Ukraine nuclear fuel plant to boost energy security


Russia and Ukraine began yesterday (4 October) the construction on a nuclear fuel plant. Ukrainian Prime Minister Mykola Azarov said the plant will contribute to the country’s energy independence and experts commented that the new facility was good news for East European countries with Russia-built nuclear reactors.  

A major producer of uranium, Ukraine has in the past bought processed nuclear fuel from Russia and the United States.

The plant, near the Ukrainian town of Smolino, some 300 kilometres south-east of the capital Kiev, will provide to the country by 2020 with all of its nuclear fuel needs, Azarov said at the ceremony of turning the first sod. Ukraine has 15 nuclear reactors in operation and plans to complete two more, at the Hmelnitski nuclear central, by 2015.

"Today we have begun the most substantial project towards energy independence in the history of independent Ukraine," Azarov reportedly said. A Russo-Ukrainian joint venture will operate the plant, which has a price tag of $462 million (€355 million), and in which Ukraine holds the golden share.

Azarov said that the project “opened a new page” in Ukraine-Russian relations in the nuclear energy field. He added that the installation “will be completely safe” ecologically.

In spite of the Chernobyl accident of 1986, the worst in the history of mankind, Ukraine remains committed to developing its nuclear sector. Around half of Ukraine’s electricity is produced by nuclear centrals and the country has the potential to be an important electricity exporter.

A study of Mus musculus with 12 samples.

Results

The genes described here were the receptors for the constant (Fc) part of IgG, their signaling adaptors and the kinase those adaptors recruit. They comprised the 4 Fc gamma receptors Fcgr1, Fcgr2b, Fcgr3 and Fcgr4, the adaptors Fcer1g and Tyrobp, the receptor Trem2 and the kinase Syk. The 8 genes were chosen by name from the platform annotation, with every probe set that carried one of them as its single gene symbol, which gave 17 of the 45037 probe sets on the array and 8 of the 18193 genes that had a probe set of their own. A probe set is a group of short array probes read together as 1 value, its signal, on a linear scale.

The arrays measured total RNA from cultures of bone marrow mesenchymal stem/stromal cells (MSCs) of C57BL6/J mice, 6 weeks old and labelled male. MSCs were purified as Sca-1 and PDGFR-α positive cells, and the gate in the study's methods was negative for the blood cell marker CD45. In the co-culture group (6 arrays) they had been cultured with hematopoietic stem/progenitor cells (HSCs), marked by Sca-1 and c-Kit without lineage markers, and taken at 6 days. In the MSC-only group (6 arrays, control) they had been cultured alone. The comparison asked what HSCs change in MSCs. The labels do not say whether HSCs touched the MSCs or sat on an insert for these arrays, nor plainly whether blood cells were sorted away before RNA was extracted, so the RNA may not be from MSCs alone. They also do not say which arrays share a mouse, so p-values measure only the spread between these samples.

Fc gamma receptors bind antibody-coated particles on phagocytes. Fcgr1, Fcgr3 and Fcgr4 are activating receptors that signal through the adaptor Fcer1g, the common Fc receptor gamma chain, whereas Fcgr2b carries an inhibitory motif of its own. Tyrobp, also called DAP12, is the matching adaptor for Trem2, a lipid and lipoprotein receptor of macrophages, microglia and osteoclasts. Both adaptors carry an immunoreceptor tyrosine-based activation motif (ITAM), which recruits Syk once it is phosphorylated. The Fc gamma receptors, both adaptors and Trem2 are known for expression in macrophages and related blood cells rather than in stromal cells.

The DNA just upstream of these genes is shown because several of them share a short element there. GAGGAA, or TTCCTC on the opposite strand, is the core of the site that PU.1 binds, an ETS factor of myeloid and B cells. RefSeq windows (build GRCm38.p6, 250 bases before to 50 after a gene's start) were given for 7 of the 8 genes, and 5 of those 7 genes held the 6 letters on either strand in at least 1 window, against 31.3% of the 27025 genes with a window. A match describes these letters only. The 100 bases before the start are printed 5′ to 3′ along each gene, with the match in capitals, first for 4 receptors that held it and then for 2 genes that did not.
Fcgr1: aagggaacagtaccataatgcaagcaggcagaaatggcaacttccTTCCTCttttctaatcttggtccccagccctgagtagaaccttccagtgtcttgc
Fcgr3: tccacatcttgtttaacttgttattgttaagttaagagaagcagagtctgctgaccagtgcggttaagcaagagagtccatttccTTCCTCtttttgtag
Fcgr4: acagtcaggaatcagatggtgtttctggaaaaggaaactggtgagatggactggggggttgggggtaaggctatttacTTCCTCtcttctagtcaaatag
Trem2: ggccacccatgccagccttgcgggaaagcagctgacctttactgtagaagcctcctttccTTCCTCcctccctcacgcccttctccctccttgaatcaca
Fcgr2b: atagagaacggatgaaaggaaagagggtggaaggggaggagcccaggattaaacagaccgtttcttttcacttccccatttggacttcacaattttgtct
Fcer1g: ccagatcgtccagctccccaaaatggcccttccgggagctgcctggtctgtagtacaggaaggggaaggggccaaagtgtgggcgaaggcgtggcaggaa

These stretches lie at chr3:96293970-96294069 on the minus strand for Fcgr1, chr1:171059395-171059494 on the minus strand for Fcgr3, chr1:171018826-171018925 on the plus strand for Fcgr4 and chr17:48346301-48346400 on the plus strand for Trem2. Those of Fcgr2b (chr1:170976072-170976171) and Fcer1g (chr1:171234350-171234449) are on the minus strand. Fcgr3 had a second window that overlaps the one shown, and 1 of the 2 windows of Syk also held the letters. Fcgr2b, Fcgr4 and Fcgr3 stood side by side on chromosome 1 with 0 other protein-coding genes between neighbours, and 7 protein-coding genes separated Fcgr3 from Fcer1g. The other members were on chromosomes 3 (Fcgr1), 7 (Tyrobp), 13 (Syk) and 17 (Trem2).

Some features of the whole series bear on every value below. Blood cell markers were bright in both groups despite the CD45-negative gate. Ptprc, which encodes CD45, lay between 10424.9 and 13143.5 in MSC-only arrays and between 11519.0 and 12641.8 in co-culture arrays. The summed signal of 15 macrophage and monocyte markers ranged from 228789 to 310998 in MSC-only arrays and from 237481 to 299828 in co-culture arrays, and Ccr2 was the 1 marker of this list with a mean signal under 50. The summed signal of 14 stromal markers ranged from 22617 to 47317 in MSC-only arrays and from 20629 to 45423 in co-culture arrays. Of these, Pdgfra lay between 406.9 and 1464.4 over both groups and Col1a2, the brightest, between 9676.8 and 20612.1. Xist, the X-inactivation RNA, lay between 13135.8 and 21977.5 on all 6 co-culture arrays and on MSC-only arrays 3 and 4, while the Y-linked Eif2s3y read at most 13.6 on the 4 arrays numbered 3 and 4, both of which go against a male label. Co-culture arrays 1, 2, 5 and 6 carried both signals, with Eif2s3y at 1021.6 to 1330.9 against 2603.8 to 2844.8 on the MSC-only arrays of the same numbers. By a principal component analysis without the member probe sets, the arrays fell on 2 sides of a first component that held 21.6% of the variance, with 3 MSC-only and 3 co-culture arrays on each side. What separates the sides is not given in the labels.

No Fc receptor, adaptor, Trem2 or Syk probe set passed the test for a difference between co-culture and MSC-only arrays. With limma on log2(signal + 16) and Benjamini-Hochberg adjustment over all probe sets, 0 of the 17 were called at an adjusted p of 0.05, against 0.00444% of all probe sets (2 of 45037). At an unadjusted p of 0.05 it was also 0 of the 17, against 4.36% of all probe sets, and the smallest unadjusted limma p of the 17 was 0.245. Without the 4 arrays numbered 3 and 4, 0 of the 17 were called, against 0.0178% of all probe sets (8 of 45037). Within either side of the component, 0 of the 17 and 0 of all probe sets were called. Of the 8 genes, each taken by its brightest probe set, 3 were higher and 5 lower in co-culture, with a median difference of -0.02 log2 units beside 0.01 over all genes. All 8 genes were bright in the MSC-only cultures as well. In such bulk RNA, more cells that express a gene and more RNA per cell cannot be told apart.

Sergei Kondratiev from the Russian “Institute for Energy and Finance”, quoted by the Russian information agency Regnum, called the nuclear energy fuel plant in Ukraine “one of the biggest and most important cooperation projects in the post-Soviet space”, and “an important precedent”.

Kondratiev said that without any doubt, the plant was not designed only to supply Ukraine.

“This is good news for East European countries, who until now have been clients of Rosatom,” he said, referring to the Russian nuclear energy state corporation.

Russia-built centrals operate in Bulgaria, the Czech Republic, Slovakia and Hungary. Reactors with Russian technology also operate in Finland.

Kondratiev said it was difficult to predict if and how the new Ukraine plant would impact on prices for nuclear fuel, but said that the project would reassure East Europeans that Rosatom has no intention of monopolising production, and that it was ready to share its technologies.

The Russian expert also appeared to take aim at Westinghouse, saying that the US company has refused to share its technology with Ukraine. Last year, Ukraine indicated it was interested in building a second nuclear fuel plant, with the US firm Westinghouse as a partner.

Russia had warned that using Westinghouse fuel in Russian-built centrals was hazardous


Support for nuclear power in Ukraine persists, despite the 1986 Chernobyl disaster whose effects are still being felt. Giving up nuclear energy is "not an option for Ukraine," the country's Deputy Economy Minister Valery Piatnitsky recently told EURACTIV in an exclusive interview.

Nuclear power supplies almost half of Ukraine's electricity production. The country's four nuclear power plants are Khmelnytsky near Netishin with two reactors, Rine near Kuznetsovsk with four reactors, Yujnoukrainsk in South Ukraine with three reactors and Zaporizhia, near Enerhodar with six reactors.

Ukraine is one of Europe's largest energy consumers, using twice as much energy per unit of GDP as Germany. The country produces an excess of power and exports what it doesn't use itself.